29 Sep The growing importance of anthropology in the C-Suite
“Anthropology is to engage in radical agitation.”
Those were the words from John F Sherry that kicked off this year’s EPIC Conference. It was a spirited start from the well-respected professor of marketing and anthropology, on the stage at The University of Minnesota. The Ethnographic Praxis in Industry Conference (EPIC) is the gathering of the EPIC community of a few hundred applied anthropologists, academics and UX designers. Each year this global network create their own retreat to listen and discuss ongoing challenges, and the direction of working as ethnographers in business.
Sherry´s agitation was never far from the surface in the presentations we heard. Nimmi Rangaswamy from Xerox Research Centre reflected on Facebook’s misguided logic for providing free basic Internet to all Indians. Elizabeth Anderson-Kempe, from Artemis, shared a public health project which tracked the rise of parents in the US not vaccinating their children as they believe in some scientific proofs, but paradoxically not vaccinations.
The theme of this year’s conference, pathmaking, was evident – we heard about the value of creating spaces for people to think about what they do, and why – whether that was keeping time in San Francisco, or moving through hospitals in Singapore. We also heard academics more abstractly question what path anthropology is taking as it wraps itself around business.
The setting gave everyone the space to learn, and the time to reflect on how far ethnographers have come since they began working in corporations.
Technology and some methods may have changed, but the imperative to improve capitalism has not. The clients might now be public bodies, venture-capital firms, or large corporations, but the focus for making people-centered services and products remain.
Anthropology has raised its profile in corporate America and across the business community globally – and there was agreement that anthropologists have made great strides to be heard by the C-Suite. The question now is what responsibility comes with having that voice?
Attendees highlighted the responsibility of anthropologists to talk about privatisation of the publics, the imperative to be public intellectuals – publish, present and be heard above narrow business discussions focused on financial profit. With our focus on holism, analysing and seeing patterns in cultural practice we have a different perspective to many working in business. There was also an emphasis on the need for collaborative, cross-disciplinary projects. More non-anthropologists need some of the principles and frames of reference anthropologists possess.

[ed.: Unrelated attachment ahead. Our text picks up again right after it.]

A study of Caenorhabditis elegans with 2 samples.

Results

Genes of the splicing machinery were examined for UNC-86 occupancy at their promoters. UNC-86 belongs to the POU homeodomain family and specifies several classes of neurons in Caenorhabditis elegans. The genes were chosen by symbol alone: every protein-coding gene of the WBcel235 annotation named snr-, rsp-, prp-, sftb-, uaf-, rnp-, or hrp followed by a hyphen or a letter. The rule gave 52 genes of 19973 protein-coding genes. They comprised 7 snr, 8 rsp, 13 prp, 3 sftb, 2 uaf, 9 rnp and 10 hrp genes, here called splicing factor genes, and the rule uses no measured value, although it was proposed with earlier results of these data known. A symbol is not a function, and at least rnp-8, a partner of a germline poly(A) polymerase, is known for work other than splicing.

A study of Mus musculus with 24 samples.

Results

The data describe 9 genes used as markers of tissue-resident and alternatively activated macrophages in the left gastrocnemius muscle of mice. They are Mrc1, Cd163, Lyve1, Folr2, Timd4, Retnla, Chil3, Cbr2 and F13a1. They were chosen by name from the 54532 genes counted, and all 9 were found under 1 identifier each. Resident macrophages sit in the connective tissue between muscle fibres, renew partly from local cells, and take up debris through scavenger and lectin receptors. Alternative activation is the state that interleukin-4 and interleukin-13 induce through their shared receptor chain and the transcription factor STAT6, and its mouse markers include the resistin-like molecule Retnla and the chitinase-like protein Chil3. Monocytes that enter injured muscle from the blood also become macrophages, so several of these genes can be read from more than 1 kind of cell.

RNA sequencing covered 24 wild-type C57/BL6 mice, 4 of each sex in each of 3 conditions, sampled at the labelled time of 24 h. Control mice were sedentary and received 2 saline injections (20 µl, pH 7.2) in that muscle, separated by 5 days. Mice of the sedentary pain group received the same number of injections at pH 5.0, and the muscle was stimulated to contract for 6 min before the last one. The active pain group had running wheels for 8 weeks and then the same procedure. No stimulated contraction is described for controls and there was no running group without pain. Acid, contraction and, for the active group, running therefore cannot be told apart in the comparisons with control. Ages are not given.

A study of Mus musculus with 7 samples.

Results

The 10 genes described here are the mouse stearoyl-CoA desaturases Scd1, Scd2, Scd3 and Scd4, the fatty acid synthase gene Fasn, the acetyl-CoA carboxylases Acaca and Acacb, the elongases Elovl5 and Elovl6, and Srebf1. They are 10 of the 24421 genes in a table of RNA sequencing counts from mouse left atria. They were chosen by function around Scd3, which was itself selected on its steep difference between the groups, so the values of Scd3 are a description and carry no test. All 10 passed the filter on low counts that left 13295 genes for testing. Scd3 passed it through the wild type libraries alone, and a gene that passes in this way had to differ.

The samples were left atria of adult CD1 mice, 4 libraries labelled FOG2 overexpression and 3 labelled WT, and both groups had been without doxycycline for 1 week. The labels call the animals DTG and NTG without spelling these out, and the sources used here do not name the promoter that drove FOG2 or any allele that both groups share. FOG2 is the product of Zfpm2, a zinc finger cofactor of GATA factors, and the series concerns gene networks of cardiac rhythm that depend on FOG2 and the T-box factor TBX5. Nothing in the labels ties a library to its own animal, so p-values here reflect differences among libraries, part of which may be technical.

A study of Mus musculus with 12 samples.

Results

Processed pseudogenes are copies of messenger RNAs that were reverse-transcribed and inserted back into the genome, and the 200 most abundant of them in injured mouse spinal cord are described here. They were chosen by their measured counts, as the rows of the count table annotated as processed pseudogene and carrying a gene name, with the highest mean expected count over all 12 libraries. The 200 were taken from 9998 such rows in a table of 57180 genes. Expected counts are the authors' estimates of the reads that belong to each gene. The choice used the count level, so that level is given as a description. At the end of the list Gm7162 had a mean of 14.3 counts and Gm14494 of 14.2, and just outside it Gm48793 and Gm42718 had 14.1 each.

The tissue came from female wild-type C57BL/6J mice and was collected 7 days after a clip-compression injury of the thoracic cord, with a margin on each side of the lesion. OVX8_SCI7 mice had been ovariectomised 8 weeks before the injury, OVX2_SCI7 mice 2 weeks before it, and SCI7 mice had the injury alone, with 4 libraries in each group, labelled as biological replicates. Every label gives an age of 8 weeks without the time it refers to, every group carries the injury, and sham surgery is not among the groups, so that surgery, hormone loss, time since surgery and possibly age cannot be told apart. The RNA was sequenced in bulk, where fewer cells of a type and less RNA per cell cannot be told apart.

My highlight was to hear Karen Ho, of the University of Minnesota, dissect the inner world of Wall Street venture-capitalists and brokers. Based on years of fieldwork she argued corporate America has been liquidated. Corporations are now seen as a collection of assets – ready to be stripped and sold as needed to maximise short-term profit.
It’s clear why this is problematic for anyone working in a corporate role, but it’s also a worry for anthropologists engaged in business. People in corporations need confidence in the long term future of their company to be able to invest in creating or innovating people-centered products and services. Corporates battered by shareholder pressure to raise stock prices are forced on the defensive. If a company only budgets for incremental rather than disruptive innovation it is putting its future at risk.
Ho told us that the signs of success for investors is not the quality of their transactions, but the number. They are competing with other investors on a dangerously narrow scale of success. This thinking has been internalised by corporations, and at a strategic level they tend to only see themselves as a bundle of money. With this mindset they’re unlikely to gamble on new disruptive product launches.
Other presentations didn’t leave such a sobering impression. Many showed the power of ethnographic exploration to help fix a problem. They showed that taking cues from ethnographic research informs better design, it situates what’s new into existing cultural norms, and its value is visible in its ability to add depth and breadth in an environment that otherwise prioritises quantity and frequency.
My impression, as I departed for Barcelona, was that anthropologists engaged with business have matured, but still the best of times are ahead. Veterans of the applied side of anthropology, that first emerged in the large tech companies in the 1980s, might well be aggrieved that technology has reduced the perceived value of in-depth participant observation. But the toolkit of skills, sense and intention which anthropologists working in business possess will continue to be sought.
The path has been signposted and there are lots of us eagerly heading down it.